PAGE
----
Creative ideas for school lunches – Part 1
There’s no doubt about it, back-to-school planning looks a whole lot different this year. In the past, our only concern was shopping for school stationery, and picking up tissues and toilette paper to satisfy school supply lists without worrying about product shortages.
Packing a healthy lunch is not only important for your child’s physical growth, but it can help them stay focused – mentally and emotionally sharp. The paradox is that the lunches might come back home barely touched. As frustrating as this can be (are my children not hungry, why don’t they eat?), there are steps you can take to increase the chances that your child will eat the lunch you pack.
Here are some creative ideas for lunches from verywellfamily.com that might make the meal appealing for kids, as well as some general tips for encouraging them to eat lunch.
Play chef: Let your child help you build the menu for their lunches. Having them come up with ideas (within reason) for what to include builds buy-in, excitement and pride, which encourages them to eat what's in there. Some kids will be motivated by making a chart where they choose their own meal rotation for the week.
Assign lunch-packing duty: In addition to having your child plan the menu, assign them the job of actually putting the items into their lunchbox. Not only is this a great opportunity to teach your child responsibility, independence, and basic meal preparation skills, but it might incentivise your child to eat what's in there.
Give specific options: Children can get overwhelmed with indefinite choices. It can help if you give them specific choices for each category of their lunch. For example, let them pick between a ham, cheese or nut butter sandwich for their main course; carrot sticks or cucumber for the veggie; and chocolate or gummies for sweets.
Use cut-outs: Sandwich cutters in fun designs are a parent's best friend. That ham and cheese sandwich might be more likely to be scarfed down if the sandwich is cut into a dinosaur, flower or star. Alternatively, you can keep it simple by cutting a sandwich into a fun shape or multiple small pieces using a knife.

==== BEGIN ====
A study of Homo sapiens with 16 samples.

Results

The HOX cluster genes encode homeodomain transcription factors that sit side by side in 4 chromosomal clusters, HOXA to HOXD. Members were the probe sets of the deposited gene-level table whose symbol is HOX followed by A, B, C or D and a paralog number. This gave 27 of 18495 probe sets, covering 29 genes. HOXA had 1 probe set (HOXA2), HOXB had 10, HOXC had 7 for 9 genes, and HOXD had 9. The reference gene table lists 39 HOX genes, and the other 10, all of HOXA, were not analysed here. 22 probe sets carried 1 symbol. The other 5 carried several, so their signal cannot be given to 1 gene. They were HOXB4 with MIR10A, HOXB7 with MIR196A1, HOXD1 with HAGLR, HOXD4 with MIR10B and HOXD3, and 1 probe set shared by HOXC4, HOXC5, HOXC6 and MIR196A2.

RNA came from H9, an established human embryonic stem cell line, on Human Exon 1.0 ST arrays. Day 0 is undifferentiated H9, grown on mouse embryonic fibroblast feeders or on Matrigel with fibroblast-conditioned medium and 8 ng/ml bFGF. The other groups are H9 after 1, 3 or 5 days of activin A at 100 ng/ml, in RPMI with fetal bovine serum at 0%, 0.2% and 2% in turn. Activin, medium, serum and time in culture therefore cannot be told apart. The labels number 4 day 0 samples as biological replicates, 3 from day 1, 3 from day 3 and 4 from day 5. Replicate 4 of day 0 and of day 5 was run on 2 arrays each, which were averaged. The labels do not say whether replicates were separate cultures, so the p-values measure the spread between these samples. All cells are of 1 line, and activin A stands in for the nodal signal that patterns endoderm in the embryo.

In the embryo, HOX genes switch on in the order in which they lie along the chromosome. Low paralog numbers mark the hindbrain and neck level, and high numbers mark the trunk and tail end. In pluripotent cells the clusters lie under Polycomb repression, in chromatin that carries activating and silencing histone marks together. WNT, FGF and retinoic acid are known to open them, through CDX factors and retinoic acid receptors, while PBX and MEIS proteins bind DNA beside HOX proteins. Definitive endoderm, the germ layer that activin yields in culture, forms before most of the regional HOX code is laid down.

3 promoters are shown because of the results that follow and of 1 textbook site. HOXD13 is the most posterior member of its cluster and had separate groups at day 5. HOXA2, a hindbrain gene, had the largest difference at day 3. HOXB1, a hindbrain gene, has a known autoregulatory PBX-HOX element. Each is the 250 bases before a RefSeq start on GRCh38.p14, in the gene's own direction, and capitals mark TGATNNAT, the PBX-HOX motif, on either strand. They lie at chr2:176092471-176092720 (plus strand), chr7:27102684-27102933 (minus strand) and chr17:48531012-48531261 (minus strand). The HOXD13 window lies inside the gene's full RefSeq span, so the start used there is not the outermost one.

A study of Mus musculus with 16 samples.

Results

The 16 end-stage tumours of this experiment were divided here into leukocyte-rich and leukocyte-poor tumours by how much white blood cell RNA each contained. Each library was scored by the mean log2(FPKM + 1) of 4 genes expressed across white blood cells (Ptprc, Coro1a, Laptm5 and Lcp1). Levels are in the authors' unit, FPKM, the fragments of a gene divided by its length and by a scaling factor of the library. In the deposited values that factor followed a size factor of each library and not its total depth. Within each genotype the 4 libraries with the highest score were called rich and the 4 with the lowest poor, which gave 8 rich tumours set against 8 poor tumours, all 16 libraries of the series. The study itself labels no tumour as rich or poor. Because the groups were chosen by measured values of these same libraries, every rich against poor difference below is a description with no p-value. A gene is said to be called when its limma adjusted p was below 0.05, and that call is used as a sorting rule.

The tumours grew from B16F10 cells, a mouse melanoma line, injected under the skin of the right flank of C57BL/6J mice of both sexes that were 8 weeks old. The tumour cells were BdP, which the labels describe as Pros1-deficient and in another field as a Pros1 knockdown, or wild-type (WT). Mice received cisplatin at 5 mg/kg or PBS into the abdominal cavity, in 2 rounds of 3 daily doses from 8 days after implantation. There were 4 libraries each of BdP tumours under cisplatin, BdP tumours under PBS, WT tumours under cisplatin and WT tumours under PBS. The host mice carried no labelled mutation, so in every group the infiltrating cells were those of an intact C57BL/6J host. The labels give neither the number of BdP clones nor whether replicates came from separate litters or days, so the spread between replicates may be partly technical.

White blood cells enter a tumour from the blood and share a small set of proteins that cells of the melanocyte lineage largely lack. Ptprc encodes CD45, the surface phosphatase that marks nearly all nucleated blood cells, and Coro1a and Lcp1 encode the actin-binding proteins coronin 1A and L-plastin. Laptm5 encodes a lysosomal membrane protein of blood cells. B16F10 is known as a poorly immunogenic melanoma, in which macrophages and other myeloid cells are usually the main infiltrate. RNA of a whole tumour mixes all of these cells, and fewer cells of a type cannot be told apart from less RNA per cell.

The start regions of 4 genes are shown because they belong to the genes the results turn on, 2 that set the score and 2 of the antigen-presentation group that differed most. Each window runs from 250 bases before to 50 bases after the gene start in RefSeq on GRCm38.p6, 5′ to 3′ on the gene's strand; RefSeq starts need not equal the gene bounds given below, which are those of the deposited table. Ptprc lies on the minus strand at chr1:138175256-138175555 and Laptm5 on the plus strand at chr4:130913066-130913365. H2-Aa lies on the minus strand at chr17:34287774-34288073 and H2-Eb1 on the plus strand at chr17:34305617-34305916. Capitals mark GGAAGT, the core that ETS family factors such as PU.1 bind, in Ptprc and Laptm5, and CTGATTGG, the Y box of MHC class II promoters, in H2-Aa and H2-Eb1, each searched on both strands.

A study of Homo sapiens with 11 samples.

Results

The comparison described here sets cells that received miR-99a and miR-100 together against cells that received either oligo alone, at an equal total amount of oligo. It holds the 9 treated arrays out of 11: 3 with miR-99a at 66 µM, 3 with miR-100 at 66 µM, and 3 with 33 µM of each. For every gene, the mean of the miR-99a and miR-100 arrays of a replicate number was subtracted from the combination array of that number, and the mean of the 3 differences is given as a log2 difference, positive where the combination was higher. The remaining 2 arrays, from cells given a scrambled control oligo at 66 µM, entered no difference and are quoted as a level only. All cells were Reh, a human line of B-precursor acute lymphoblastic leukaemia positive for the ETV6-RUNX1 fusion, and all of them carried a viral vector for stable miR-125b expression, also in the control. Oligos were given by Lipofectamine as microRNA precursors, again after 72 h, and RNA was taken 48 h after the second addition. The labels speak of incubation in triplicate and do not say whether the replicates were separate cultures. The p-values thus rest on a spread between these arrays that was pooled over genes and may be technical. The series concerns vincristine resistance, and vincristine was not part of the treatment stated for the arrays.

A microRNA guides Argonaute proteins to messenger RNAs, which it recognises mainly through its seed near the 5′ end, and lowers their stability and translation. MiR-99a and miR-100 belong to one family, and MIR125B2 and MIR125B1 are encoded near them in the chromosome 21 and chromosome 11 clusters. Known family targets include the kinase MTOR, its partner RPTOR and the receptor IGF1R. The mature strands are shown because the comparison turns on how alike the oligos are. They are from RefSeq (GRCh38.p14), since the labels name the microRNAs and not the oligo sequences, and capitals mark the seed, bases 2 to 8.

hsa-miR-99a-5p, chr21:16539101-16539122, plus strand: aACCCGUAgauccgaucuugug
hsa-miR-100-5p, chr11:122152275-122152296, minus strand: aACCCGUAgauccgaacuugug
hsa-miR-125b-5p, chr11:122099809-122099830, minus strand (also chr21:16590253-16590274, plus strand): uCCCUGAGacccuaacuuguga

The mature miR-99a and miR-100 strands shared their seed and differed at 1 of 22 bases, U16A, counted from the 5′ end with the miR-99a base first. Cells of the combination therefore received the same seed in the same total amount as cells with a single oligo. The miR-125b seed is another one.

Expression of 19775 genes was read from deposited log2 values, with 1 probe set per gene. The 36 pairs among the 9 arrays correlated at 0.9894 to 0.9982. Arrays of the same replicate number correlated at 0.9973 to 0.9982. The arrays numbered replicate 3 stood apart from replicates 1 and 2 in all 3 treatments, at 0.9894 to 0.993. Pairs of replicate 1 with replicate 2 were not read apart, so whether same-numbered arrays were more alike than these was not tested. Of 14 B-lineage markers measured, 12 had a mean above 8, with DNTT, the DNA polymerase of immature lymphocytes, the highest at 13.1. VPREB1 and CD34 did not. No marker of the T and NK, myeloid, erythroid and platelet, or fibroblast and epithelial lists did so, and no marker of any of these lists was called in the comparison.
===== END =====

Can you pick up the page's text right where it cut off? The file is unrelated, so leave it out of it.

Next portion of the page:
Think small serving sizes: Big portions can be intimidating for little tummies and fingers. Aim to pack just how much of the foods they would typically eat. Check with them and observe what they eat all of or leave behind.
Don't overpack: It may be tempting to overstuff your child’s lunchbox with a big sandwich, full-size yoghurt, several snacks, and a big cup of fruit. Young primary school (and older) children are often too busy chatting with friends to eat so many items at lunch, and most don’t eat huge meals in one sitting in any setting. Too much can actually make it harder for your child to tell what’s in the lunchbox or bag.
Test new options on the weekends: Pasta salad with olives and feta? Cucumbers with cherry tomatoes and a barbecue dipping sauce? What about tuna and avocado rolled in a flaxseed wrap? Weekend lunches are the perfect time to try out different school lunch ideas to see what your child likes and doesn't like.
Avoid big surprises: Last but not least, variety is good, but the school lunchbox isn’t the time to try out a new recipe or food that your child isn’t familiar with. Dinner is a better opportunity to encourage children to try something new, because you’re there to eat it with them and talk about it.